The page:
Publisher: Viking Press
Retail Price: $29.95 hardcover
Issue: Winter 2008
Another Look at Robert E. Lee
In her latest biography, Elizabeth Brown Pryor invites us to read the man, that is, to understand Robert E. Lee through his own words. In his private writings, argues Pryor, Lee revealed himself to be a far more complex and contradictory man than the one who comes most readily to the imagination (xii). Opening each chapter with the text of selected letters written by Lee or his family and friends, Pryor utilizes these missives as departure points for her narrative. Roughly chronological, this series of twenty-six essays follow Lee from his childhood love of animals through his last days as the president of Washington College. Her research is often inventive; lacking letters written by Lee when a cadet at West Point, she relies on the correspondence of his classmates to recreate what he might have experienced. Throughout the book, she offers many fascinating story-lines: his elder brother's scandalous seduction of his sister-in-law, the Marquis de Lafayette's 1825 tour of the United States, and the incredibly rich history of his wife's home Arlington¨including its transformation into the nation's most sacred burial ground. But she also situates Lee and his family within the rich context of the mid-nineteenth century, including the emergence of the middle class, the Second Great Awakening, developing notions of companionate marriage, changing ideas about childhood, and the evolution of birth control.
While hundreds of biographies of Lee have been written since his death in 1870, Pryor's account seeks to amplify our understanding of what constitutes heroism, and how as an ordinary person Lee faced the vagaries of the human condition (xiii). Thus her primary objective is to understand his personality¨his motives and his inspirations. Contrary to Lee's most famous biographer Douglas Southall Freeman and more recent scholars such as Richard B. McCaslin, Pryor suggests that the Confederate general did not especially idolize George Washington. She likewise investigates Lee's opinions of his father Light Horse Henry Lee, French military strategist Antoine-Henri Jomini, and others, in the end concluding that it was probably West Point's system that had the most lasting effect on Lee (69). And yet perhaps most surprising, and seemingly contradictory, is her claim that Lee once stated that the greatest mistake of my life was taking a military education (67).
More important, Pryor makes it abundantly clear that this is no hagiography (as she labels the work of Freeman). Although she claims not to be debunking any myths, she does just this as she builds on the work of Alan T. Nolan, Michl Fellman, and others who challenge the Lee as deity mentality. The Lost Cause tenet that Lee abhorred slavery¨and certainly did not fight for it¨collapses in her account. She describes him as an unsympathetic and demanding master (145) who fiercely believed in racial hierarchy but often found his slaves to be a hindrance. She details an incident in which he vigorously pursued two slaves who ran away (believing that they had been freed by the will of Lee's father-in-law) and their subsequent beating. The real tragedy for Lee, she claims, is that he never recognized the humanity of the slaves with whom he lived, (154). Continuing in her effort to reveal the human-side of the Marble Man, she argues that the Lee so often deemed as a Christ-like figure came quite late to any profession of religion. She stops short of Alan Nolan's suggestion in Lee Considered that Lee weighed his options before joining the Confederacy in 1861, but she does detail the conflicted nature of his resignation from the United States army. And following a rich literature established by Nolan, Thomas Connelly, Gary W. Gallagher and others, she challenges the notion of Lee as a die-hard reconciliationist in the war's immediate aftermath.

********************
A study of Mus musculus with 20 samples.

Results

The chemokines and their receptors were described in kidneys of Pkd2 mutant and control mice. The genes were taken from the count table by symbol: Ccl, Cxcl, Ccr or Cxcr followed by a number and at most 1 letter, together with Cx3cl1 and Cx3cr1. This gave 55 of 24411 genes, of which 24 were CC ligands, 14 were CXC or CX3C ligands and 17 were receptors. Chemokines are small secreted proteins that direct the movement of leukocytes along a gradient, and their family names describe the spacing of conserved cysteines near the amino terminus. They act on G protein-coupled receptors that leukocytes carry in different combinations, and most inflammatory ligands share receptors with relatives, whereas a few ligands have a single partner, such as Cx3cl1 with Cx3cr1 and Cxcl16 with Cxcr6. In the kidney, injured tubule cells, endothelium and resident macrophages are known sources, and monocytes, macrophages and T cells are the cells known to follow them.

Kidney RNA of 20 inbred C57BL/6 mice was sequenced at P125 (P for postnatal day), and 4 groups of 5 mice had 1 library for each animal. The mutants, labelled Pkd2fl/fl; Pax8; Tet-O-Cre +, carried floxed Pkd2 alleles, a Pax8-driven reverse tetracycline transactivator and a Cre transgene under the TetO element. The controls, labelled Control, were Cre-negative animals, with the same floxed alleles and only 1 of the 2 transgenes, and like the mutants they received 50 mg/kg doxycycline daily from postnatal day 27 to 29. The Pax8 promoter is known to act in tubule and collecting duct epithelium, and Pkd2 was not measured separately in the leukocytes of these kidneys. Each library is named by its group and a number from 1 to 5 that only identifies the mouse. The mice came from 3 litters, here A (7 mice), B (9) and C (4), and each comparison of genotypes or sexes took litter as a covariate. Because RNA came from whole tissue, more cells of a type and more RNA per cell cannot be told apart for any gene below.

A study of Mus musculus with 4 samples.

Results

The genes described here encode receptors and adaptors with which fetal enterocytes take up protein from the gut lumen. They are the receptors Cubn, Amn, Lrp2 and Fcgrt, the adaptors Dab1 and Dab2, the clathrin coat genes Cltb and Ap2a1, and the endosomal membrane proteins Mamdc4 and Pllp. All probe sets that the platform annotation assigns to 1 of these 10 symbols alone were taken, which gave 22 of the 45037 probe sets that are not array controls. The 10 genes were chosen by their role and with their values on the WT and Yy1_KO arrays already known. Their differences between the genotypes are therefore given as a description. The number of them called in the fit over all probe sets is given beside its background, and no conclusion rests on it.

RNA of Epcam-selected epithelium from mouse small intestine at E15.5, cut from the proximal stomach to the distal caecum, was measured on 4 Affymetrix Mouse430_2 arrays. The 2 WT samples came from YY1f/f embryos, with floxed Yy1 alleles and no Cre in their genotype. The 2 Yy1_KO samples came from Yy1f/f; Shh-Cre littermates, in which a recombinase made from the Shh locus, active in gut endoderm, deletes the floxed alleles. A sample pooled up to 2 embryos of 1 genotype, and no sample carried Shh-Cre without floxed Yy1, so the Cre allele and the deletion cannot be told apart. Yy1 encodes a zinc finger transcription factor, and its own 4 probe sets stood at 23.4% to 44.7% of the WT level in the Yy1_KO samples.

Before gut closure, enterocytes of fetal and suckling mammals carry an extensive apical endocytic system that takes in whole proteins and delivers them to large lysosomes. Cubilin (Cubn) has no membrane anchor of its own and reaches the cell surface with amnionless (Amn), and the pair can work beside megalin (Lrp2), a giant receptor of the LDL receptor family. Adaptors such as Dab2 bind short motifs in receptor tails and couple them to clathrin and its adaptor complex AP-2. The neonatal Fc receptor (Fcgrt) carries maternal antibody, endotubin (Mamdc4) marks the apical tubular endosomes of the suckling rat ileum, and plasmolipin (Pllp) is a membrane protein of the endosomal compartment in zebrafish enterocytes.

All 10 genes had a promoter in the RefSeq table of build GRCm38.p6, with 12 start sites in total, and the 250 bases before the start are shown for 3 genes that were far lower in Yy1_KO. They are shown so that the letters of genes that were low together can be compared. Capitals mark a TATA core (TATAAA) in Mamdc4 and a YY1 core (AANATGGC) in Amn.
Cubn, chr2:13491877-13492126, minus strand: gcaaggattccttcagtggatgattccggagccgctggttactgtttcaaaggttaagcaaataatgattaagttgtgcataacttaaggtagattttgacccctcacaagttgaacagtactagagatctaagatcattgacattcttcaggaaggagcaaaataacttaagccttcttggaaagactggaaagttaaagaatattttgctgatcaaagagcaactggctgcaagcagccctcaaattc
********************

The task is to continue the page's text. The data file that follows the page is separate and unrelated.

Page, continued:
Reviewers inevitably call for more attention to some facet of a work, and in this vein, I wish that she would take a firm position on many issues. Repeatedly, she hints at a particular explanation or offers the interpretation other writers but refuses to forcefully articulate her own position. For example, she claims that many historians believe that a lack of Confederate unity and will, or nationalism, led to the South's defeat. While she notes that the Confederate population never pulled together in the kind of total war that would save Stalingrad (392) the reader is left wondering if in fact she is agrees that a lack of Confederate nationalism undermined the war effort. Nevertheless, this is an engaging and eloquently written book on the Lee behind the legend.
Caroline E. Janney is an assistant professor of history at Purdue University and the author of Burying the Dead but Not the Past: Ladies' Memorial Associations and the Lost Cause.